Wednesday, 17 July 2013

In which I review All Yesterdays

I promised a review of All Yesterdays by John Conway, C. M. Kosemen, Darren Naish, and Scott Hartman.  Here it is, folks.  Enjoy.

If I were to choose just one illustration to represent this book, it would be this one.  Apparently the authors agree with me, because they chose it for the cover of the book.   The caption says it all:  "Protoceratops climbing trees because they can".




I particularly like the style of the illustrations.   They are beautiful, almost impressionist paintings where the animals' skin texture is often rendered as spots of colour.   This picture of a plesiosaur camouflaged against a coral reef is a fine example, and is one of my favorite images from the book. 



The concept behind All Yesterdays is simple: it's an exercise in speculation.  Most palaeoart tries to show extinct species the way they really looked, to the best of the artist's ability.  All Yesterdays, in contrast, takes a look at some of the weirder possibilities and contains the kind of pictures you won't see on the Discovery Channel.   However, the speculation on display here isn't just a wild stab in the dark.  Darren Naish is a respected palaeozoologist and Conway, Kosemen, and Hartman are all experienced palaeoartists.  The images in the book are plausible and based on scientific evidence.  

This is also a book with a sense of fun.  The last section of the book is headed "All Todays", and it takes a tongue in cheek look at how palaeoartists in the distant future might reconstruct the creatures we're familiar with today. 

The authors coined the term "srinkwrapping", to refer to the practice of drawing animals with every bone and muscle visible under a thin covering of skin.  This is common practice in today's palaeoart (think the Jurassic Park dinosaurs), but it's likely not very accurate.  In modern animals it's generally not possible to make out the contours of the skeleton underneath all the fur, feathers and other soft tissue.  When you get right down to it, there's no reason to assume dinosaurs were any different.  To illustrate this point, the authors of All Yesterdays applied the shrinkwrap treatment to modern animals with hilarious results.  Can you tell what this animal is?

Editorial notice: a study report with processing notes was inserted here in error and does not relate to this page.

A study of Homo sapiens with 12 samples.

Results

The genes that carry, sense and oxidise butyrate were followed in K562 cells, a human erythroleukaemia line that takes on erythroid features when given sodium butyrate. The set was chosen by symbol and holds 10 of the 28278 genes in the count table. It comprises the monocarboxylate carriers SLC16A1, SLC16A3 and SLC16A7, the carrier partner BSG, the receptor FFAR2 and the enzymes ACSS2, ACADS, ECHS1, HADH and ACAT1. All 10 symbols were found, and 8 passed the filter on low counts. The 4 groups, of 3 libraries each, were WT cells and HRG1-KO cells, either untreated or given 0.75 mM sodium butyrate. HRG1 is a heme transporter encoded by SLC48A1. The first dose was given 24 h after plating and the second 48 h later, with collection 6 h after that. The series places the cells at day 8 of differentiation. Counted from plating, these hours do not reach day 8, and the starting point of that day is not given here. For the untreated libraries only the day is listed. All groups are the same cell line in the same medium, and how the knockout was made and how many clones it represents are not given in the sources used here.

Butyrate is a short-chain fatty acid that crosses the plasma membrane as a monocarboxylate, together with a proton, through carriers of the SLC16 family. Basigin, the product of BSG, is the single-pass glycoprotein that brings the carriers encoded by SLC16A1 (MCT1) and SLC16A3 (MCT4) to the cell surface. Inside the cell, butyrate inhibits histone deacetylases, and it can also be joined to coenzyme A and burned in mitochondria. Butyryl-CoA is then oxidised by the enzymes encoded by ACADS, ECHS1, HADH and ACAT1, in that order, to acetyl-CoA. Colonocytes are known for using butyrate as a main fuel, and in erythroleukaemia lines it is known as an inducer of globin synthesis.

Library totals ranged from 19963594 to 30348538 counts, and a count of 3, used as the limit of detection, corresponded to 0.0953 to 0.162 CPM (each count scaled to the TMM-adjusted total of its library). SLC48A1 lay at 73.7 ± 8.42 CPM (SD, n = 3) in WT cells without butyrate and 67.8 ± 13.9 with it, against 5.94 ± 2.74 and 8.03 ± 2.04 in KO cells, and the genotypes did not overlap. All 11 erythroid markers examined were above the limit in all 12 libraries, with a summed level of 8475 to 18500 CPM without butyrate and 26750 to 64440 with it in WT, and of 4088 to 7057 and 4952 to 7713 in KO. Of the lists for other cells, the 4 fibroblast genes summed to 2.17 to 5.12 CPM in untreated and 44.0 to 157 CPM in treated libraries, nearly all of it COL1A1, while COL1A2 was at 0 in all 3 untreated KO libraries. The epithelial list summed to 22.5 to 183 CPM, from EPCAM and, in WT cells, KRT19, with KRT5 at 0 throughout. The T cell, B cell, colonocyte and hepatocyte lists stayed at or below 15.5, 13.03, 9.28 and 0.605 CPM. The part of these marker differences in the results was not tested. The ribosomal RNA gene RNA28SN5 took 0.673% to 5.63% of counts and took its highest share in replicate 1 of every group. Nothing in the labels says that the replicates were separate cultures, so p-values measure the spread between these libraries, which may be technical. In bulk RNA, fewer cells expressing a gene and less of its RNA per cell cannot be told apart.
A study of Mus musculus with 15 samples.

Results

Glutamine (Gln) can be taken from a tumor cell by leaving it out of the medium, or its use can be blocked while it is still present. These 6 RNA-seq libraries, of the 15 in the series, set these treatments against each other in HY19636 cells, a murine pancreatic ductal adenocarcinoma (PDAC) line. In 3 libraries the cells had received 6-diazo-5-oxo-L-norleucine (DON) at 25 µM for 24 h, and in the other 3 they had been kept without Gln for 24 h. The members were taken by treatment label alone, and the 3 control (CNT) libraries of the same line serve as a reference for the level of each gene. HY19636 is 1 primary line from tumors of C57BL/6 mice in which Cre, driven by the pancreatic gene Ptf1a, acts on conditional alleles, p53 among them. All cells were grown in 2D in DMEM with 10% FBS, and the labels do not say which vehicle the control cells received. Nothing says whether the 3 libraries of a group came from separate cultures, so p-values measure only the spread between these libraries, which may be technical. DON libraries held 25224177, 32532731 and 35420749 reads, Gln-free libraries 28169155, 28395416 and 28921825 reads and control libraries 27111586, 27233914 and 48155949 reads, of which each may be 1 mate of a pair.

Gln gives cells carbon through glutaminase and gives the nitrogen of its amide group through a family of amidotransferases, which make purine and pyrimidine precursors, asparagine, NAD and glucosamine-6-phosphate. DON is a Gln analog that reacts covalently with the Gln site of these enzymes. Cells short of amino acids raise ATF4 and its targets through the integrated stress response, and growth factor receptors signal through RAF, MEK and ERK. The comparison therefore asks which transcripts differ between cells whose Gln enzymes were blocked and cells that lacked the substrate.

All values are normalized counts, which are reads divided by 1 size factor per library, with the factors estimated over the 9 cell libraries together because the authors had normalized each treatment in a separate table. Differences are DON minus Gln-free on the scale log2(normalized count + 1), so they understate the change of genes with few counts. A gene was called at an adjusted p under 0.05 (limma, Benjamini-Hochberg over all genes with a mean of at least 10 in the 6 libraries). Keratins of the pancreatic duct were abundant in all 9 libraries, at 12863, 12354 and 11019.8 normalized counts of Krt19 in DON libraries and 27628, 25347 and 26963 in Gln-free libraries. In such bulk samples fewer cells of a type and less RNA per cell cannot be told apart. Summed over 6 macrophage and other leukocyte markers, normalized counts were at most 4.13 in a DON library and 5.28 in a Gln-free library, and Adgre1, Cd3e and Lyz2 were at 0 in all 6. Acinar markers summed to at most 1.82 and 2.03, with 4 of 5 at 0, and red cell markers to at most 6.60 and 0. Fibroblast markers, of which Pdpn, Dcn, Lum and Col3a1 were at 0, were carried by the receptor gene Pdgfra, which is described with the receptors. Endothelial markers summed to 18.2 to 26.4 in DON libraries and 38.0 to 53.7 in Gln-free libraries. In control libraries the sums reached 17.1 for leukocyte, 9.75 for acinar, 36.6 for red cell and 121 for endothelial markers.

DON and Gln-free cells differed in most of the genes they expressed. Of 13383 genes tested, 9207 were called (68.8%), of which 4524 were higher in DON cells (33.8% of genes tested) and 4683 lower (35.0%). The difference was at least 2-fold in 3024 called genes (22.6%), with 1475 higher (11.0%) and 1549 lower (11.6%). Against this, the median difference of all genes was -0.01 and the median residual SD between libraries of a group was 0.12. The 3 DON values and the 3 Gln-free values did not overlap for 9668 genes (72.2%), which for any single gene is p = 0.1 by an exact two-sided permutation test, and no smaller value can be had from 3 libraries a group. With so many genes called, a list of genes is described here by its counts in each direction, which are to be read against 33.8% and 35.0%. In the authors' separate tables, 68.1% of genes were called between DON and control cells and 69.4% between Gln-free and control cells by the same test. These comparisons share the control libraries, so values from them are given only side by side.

The teeth are the giveaway here; it's a hippo.

I absolutely, unreservedly love this book.  I love the sense of fun, the beautiful illustrations , the fact that it's thought-provoking, and most of all I love the fact that all this is packaged with a bit of wackiness.  I mean, where else are you going to see a stegosaur trying to shag a haplocanthosaurus?




If you're at all interested in dinosaurs,  palaeoart, or palaeontology, this is the book for you.  My only complaint is that it's a very short book.  I could have done with there being more of it.  All Yesterdays is available from Amazon,  and it's well worth coughing up the extra money to get a hard copy version.  The Kindle format does not work well for this book, as some of the reviewers have noted.

If you want to see more of the authors' work - and trust me, you do - they all have websites.  John Conway's art can be found here.  C.M. Kosemen has some fascinating sci-fi work online here under the pseudonym Nemo Ramjet.  Darren Naish, of course, is the author of Tetrapod Zoology.  Scott Hartman has a website too, and it's excellent.